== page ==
GRAND FORKS — North Dakota’s GOP U.S. senators joined with their Republican colleagues Tuesday, June 22, to block a Democratic voting access bill. The move will likely surface a renewed debate on Senate rules just as Republicans in state legislatures across the country enact their own voting overhauls.

The For The People Act, advertised by Democrats as a set of much-needed reforms, would expand voting and ballot access — such as vote by mail and early voting — and curb partisan gerrymandering. Portions of the bill also aim to make campaign finance more transparent, as well as register ex-felons to vote.

But Republicans have criticized the bill as an attempt to rewrite election laws in Democrats’ favor. And Sens. John Hoeven and Kevin Cramer, R-N.D., both joined with colleagues in a 50-50 vote in the chamber on debating the item— failing to reach the 60-vote threshold necessary to continue debate.

“This bill takes away state authority and effectively nationalizes our election system. I don’t believe North Dakotans want the federal government to determine how we conduct our elections,” Hoeven said in a statement emailed by his office prior to the vote — adding concerns that the bill would chip away at election security measures such as voter ID laws. “I believe states should run our elections, not be forced to use a one-size-fits-all federal approach.”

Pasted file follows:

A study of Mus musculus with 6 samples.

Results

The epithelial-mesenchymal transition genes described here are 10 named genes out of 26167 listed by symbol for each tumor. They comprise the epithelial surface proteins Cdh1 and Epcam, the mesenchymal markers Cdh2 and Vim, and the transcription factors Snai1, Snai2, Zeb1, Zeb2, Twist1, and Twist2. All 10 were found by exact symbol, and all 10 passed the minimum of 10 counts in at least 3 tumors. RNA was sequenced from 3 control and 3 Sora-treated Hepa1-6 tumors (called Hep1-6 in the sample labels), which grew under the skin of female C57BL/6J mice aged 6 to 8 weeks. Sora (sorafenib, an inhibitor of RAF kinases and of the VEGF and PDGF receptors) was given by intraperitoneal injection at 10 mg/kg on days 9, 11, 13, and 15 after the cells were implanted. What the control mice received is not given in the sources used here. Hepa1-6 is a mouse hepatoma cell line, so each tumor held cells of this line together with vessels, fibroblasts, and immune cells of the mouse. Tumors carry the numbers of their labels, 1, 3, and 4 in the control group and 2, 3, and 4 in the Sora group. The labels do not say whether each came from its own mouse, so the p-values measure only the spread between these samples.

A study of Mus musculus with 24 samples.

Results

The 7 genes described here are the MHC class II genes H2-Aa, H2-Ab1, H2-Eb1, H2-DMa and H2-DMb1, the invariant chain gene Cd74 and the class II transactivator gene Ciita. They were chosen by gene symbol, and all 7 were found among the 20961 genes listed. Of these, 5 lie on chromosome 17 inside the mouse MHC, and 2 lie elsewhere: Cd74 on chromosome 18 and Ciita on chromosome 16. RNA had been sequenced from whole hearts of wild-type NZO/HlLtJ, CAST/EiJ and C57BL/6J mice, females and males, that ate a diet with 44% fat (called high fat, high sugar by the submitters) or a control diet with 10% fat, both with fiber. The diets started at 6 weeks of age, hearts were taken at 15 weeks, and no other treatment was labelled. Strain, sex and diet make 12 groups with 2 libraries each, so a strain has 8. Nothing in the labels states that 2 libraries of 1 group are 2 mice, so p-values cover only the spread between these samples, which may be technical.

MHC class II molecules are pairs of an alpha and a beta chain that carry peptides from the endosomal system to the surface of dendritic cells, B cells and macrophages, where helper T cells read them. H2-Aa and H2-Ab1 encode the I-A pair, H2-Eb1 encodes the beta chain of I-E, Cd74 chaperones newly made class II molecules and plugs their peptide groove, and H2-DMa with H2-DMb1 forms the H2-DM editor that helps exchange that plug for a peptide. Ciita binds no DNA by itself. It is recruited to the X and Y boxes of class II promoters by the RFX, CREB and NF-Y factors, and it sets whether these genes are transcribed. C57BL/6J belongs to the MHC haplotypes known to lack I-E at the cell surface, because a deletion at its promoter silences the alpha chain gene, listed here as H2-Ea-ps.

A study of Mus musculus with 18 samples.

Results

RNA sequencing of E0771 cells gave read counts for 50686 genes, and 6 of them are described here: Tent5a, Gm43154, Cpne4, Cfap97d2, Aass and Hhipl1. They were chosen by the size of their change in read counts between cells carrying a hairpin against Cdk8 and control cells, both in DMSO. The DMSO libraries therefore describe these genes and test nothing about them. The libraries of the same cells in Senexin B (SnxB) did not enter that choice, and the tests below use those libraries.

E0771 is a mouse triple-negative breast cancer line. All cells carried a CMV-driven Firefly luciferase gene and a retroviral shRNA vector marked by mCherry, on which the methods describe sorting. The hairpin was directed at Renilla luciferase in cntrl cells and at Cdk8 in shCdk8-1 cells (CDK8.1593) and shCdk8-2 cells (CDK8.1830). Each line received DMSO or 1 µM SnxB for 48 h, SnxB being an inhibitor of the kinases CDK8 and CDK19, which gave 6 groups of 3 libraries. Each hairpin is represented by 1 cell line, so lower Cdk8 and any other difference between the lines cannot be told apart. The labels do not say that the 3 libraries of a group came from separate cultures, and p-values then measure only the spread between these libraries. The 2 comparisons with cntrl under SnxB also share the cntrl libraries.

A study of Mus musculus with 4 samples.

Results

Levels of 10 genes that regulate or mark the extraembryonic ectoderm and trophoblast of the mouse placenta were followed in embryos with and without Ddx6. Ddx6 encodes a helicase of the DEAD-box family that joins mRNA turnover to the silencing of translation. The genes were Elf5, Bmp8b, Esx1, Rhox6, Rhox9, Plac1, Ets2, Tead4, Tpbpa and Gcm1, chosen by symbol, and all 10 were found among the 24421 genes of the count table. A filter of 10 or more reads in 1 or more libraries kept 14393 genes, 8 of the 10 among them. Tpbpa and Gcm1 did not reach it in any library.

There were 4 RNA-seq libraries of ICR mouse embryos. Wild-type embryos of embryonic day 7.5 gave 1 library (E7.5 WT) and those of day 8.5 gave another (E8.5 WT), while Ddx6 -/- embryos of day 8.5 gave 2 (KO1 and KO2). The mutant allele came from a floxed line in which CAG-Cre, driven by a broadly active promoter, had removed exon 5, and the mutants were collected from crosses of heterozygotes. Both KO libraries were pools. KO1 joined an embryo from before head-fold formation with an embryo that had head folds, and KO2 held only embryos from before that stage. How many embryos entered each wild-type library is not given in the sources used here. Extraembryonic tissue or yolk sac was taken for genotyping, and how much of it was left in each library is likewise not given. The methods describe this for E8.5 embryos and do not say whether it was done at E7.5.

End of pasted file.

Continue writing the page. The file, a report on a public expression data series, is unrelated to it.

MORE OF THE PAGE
Cramer echoed those concerns in his own statement, also sent in the hours prior to Tuesday’s vote.

WDAY logo
listen live
watch live
Newsletter signup for email alerts

“This legislation is part of a hypocritical effort by Democrats to fundamentally change our election laws in order to keep their party in power,” Cramer said. “I plan to vote against their partisan proposal and urge my colleagues to do the same.”

The debate over election rules and ballot access is as old as the country itself. But it’s seen special focus in the last eight months, following former President Donald Trump’s insistence that he lost the 2020 election as a result of election fraud — a claim for which no evidence has emerged. And in the last several months, Republican leaders in key states around the country have enacted their own reforms that Democrats fear will make voting more inaccessible and hand greater control of the process to Republican officials.

Senate Majority Leader Chuck Schumer, speaking moments after the vote, criticized Republican officials’ votes against the bill, and referenced recent voting laws in GOP-led states and Trump’s “big lie” of his election victory.

"In the fight for voting rights, this vote was the starting gun, not the finish line,” Schumer said on the Senate floor. "This concerns the very core of our democracy and what we are about as a democracy … this voter suppression cannot stand, and we are going to work tirelessly to ensure that it does not stand."

The vote is also sure to draw more focus onto the Senate’s filibuster, a procedural rule that requires 60 senators’ consent to advance legislation toward a final vote. Besides a few centrist Democrats’ hesitation to support President Joe Biden’s agenda, those filibuster rules are the central reason Republicans have been able to block key Democratic proposals this year.

One such proposal would have created a bipartisan commission to investigate the Jan. 6 insurrection at the U.S. Capitol. Both Sens. Hoeven and Cramer joined the filibuster that blocked it.

Upper Midwestern senators split Tuesday’s vote along party lines. Besides Hoeven and Cramer, South Dakota GOP Sens. John Thune and Mike Rounds voted against further debate for the bill, while Minnesota Democratic Sens. Amy Klobuchar and Tina Smith voted in favor.